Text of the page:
Egg Harbor City Community School eighth-grader Stephen Murphy, 14, let his classmates hold the autographed football he won Wednesday in a trivia contest, after hearing Jets placekicker Nick Folk and punter Ryan Quigley share stories of how physical activity was part of their childhoods.

“I’m an Eagles fan, but this is still pretty cool,” said Murphy, one of about 20 students to win prizes. Both Folk and Quigley had just signed it.

More than 100 students at the school had pledged to log 60 minutes of physical activity every day for four weeks as part of the New Jersey Department of Agriculture’s Jets Play 60 “Eat Right, Move More” program earlier in the school year. The high level of participation helped the school become one of four winners in the state.


“You made us one of the top schools in New Jersey,” Griffith told the kids. “Congratulations.”

Schools were also judged by the quality of their meal programs, and the Community School’s universal breakfast contributed to the win. Every student gets a nutritious breakfast during a 20-minute homeroom, physical education teacher Kim Goodwin said.

The two Jets also helped state Agriculture Secretary Douglas H. Fisher deliver the school’s $2,000 prize, which Griffith said will be used to purchase an indoor, lateral climbing wall for the gym.

Goodwin said logging of physical activity counts as 10 percent of every student’s grade in gym.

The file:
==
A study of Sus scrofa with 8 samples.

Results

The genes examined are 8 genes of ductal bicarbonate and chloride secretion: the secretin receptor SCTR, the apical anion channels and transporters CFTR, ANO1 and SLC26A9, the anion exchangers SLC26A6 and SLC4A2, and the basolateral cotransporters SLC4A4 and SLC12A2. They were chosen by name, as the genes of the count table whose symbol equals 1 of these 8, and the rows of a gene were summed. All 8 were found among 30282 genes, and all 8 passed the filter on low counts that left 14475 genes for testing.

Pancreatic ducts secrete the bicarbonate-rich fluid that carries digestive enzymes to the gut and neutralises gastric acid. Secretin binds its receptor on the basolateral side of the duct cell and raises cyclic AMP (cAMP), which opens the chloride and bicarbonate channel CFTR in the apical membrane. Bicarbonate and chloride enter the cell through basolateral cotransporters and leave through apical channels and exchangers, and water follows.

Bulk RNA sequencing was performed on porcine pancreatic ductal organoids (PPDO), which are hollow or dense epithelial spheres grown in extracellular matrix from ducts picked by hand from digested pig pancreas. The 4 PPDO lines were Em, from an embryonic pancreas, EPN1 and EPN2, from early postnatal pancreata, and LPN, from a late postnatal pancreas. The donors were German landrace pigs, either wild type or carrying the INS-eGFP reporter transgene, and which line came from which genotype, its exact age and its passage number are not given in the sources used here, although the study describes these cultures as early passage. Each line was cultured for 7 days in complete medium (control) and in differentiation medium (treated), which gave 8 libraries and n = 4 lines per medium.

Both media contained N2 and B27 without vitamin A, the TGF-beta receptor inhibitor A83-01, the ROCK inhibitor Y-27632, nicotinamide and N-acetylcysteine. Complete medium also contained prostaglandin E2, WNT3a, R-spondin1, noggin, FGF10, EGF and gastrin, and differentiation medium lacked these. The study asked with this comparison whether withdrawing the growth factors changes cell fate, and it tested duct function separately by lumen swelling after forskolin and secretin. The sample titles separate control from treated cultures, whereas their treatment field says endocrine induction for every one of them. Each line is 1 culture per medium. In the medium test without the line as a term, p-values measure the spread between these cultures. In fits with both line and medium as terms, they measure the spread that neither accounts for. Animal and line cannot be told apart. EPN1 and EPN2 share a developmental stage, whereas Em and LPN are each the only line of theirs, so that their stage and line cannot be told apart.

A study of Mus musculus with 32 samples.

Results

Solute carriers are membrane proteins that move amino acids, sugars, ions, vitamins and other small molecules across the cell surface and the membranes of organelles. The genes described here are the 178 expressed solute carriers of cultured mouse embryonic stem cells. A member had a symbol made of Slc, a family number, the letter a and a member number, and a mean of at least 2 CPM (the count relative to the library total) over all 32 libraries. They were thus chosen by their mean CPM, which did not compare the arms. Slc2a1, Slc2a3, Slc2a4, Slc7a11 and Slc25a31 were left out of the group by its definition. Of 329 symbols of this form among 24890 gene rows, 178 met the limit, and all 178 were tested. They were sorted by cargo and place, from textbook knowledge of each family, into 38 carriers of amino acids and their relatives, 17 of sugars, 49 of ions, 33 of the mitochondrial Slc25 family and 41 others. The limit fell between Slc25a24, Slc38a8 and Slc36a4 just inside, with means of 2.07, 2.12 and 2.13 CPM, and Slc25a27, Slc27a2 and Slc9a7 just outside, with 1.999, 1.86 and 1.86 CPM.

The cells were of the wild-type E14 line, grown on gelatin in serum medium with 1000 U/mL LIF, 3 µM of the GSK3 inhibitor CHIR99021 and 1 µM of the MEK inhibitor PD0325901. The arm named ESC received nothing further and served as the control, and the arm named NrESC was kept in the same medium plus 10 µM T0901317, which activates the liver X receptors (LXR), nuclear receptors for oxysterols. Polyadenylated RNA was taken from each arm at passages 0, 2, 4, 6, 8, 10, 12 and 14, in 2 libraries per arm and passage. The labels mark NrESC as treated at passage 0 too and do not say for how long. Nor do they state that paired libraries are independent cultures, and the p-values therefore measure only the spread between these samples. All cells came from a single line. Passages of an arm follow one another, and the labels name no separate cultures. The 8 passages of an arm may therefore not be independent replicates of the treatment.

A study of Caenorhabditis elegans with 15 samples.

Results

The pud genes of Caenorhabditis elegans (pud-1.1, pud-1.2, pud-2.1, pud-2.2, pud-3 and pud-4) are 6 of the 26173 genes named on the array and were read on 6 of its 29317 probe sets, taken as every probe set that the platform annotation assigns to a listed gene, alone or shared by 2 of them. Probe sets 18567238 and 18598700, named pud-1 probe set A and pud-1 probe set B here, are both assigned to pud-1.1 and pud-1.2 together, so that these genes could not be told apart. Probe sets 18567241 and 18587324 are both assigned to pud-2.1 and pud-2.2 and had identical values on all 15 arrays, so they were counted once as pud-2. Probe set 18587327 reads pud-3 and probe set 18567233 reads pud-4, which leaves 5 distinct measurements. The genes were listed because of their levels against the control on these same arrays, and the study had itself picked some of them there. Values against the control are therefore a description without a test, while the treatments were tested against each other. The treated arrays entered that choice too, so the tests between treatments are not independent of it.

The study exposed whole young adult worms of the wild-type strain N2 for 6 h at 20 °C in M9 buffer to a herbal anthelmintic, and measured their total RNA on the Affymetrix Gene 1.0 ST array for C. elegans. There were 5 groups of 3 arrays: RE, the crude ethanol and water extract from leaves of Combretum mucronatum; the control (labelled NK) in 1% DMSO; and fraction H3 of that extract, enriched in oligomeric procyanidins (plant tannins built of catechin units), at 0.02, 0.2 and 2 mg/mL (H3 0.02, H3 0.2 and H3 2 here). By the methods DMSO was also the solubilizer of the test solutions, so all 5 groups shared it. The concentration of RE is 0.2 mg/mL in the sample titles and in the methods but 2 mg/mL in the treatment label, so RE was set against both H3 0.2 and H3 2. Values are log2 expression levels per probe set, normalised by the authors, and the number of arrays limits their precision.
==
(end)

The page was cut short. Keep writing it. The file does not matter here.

“We’re making them accountable for their health,” she said.

Folk, 29, and Quigley, 24, both said they played several sports as youngsters, particulary soccer and basketball. Neither started playing football until high school.

“I had two younger brothers, and we were outside playing all the time,” said Folk, who grew up in Los Angeles. “We played youth soccer. I’m still a fanatical soccer fan.”

Folk played at the University of Arizona, then with the Dallas Cowboys for three years, and has been with the Jets since 2010, he said.

Quigley, who grew up in South Carolina and played at Boston College, shared some of his difficulties along the way to signing with the Jets last September. He was drafted by the Chicago Bears after college, then cut, he said. He traveled the country trying out for several teams.

“It’s been a real journey for me,” he said.

The two were good-natured about all the Eagles fans in the audience, and when it was time to answer questions didn’t hesitate to call on kids wearing Eagles jerseys or those of other teams, including the Cowboys and New York Giants.

In response to a student’s question about Michael Vick joining the Jets, Folk said he had just met Vick earlier in the day for the first time, and that competition between Vick and Geno Smith to be starting quarterback will help the team.

Both stressed how important it is to develop good nutrition, exercise and study habits now.

“The foundation of everything you learn in college is here,” Folk said of the Community School. He said his SAT scores kept him from being accepted into Stanford University, even though the school was interested in him as a player.

“I had a 3.9 GPA. I just wasn’t a good test-taker,” he said. But years of physical activity and work on his kicking skills in high school led him to success, he said.

Fourth-grader Miguel Perez, 9, said he is playing outside more and playing video games less since the program began at the start of the school year.

“I learned it’s not all about electronic games,” he said. “I’m having fun outside with my friends, playing football, soccer and tag.”